Chinese Man with Hawala Link ‘Bribed’ Monks in Delhi to Buy Their Support for Dalai Lama Successor

In a fresh twist to the Chinese hawala racket probe, Indian intelligence agencies have found that main accused Charlie Peng was bribing Tibetan monks to buy their future support for a Chinese candidate to succeed Dalai Lama.
Sources within the government told media that close to 100 monks could have been paid lakhs of rupees in cash and bank transfers in the last two years. At least two monasteries in south India and the Majnu ka Tila Tibetan settlement is under the scanner of the agencies.

Monks in the Seramey Monastery in Mysore and the Drepun Loseling Monastery in Mundgod, a town in Uttar Kannada district, have been questioned by agencies about the source of funds they received. Forty-two year old Charlie Peng, investigators say, had “business interests in Bengaluru and often travelled there.”

Evidence first emerged during the Income Tax probe in this case when it was revealed that Peng gave nearly Rs 3 lakh rupees in cash to the ‘lamas’ or tye Tibetan monks. Associates of Peng allegedly confessed to the I-T department that they used to hand over cash packets to monks in Majnu ka Tila area at the behest of Peng.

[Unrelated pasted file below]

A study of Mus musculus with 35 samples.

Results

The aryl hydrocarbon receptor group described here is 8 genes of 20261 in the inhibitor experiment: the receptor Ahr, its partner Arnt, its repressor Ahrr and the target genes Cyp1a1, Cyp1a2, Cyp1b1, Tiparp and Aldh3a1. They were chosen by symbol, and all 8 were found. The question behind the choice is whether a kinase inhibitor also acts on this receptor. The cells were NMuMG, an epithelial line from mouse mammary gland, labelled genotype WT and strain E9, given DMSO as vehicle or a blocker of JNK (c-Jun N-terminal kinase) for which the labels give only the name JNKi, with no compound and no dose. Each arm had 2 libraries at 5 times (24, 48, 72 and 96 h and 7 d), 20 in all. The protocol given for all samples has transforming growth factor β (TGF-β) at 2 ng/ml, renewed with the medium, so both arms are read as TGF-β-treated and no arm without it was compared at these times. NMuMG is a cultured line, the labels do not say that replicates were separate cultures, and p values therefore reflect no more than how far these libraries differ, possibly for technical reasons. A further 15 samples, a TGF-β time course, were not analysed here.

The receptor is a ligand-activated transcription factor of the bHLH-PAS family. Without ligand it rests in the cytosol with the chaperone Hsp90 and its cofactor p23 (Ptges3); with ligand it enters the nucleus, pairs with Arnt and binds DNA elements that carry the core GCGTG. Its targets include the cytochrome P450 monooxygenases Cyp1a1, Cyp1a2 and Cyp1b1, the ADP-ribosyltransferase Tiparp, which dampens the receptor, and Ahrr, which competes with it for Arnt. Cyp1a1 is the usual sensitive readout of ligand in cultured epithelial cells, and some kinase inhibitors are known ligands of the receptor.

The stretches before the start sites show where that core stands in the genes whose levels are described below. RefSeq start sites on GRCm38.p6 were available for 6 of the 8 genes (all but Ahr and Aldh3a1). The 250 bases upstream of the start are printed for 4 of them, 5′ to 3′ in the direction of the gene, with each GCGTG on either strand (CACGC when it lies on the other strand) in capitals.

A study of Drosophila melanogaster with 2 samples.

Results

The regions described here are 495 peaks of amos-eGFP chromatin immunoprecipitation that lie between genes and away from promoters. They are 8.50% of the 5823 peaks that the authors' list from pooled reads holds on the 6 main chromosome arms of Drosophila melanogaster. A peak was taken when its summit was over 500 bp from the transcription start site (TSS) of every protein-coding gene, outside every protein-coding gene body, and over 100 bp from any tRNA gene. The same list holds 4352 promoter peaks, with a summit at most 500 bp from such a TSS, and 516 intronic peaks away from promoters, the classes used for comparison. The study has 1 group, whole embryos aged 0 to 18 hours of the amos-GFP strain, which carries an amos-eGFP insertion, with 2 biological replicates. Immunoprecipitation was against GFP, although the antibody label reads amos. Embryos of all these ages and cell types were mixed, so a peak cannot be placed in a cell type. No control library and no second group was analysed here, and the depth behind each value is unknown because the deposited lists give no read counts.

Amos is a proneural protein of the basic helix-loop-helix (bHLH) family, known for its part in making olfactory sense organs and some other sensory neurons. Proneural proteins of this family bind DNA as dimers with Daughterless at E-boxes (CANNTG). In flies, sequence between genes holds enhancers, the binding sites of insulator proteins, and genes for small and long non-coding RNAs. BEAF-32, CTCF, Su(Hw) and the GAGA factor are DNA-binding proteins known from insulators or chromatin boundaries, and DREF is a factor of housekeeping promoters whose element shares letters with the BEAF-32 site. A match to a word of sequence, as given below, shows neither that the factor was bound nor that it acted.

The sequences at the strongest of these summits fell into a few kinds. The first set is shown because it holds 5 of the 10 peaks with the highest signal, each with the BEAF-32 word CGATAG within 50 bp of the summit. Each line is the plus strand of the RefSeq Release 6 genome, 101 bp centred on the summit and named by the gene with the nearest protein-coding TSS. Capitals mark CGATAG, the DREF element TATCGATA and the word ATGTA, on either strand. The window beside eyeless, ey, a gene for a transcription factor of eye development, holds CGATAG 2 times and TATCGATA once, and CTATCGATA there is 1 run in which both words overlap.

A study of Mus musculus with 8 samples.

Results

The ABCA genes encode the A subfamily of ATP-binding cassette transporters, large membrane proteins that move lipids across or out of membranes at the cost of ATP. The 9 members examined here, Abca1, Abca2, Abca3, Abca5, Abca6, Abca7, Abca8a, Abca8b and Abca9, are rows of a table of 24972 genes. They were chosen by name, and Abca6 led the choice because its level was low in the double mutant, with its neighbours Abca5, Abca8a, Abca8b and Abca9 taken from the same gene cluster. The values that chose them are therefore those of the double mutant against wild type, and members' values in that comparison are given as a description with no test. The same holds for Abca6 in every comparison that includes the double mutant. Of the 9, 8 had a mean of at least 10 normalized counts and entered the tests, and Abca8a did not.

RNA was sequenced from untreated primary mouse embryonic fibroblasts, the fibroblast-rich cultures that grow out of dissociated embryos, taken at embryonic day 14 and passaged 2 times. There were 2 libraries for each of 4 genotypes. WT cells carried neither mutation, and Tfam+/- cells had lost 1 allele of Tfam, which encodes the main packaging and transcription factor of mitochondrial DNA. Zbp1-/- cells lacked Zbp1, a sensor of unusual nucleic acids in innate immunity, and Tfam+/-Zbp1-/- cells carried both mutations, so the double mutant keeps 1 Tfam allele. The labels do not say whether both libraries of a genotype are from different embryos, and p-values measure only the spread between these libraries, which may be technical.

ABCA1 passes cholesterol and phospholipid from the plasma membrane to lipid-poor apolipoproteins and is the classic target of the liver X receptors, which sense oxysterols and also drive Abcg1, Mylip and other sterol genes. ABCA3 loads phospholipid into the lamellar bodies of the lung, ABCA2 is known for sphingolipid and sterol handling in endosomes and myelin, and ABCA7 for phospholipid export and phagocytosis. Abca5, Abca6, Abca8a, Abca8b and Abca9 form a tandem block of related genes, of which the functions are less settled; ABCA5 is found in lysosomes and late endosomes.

Fresh probe suggests that bank transfers were also made. “There are unexplained transfers in the accounts of these monks. They could not give a satisfactory response when asked why this money was sent to their account. This requires a greater police investigation by the local police,” a central government official in know of the case told media.

Agencies say Chinese app We Chat, which has now been banned in India, was used to connect with the monks and the platform was also sometimes used to transfer money.

Officials say the Chinese Communist Party’s clandestine support to the Dorje Shugden movement is known, and using Peng to bribe monks could be one more step to reduce the influence of Dalai Lama over Tibetans. Shugdens are a sect of Tibetan Buddhism sect and worship. Dorje Shugden, a deity whom devotees revere as a protector. Dalai Lama discourages the practice, and the Shugden worshippers accuse him of persecuting them for their beliefs. Agencies are investigating if this schism is being exploited by China to destablise the hold of the spiritual leader on Tibetans living in India.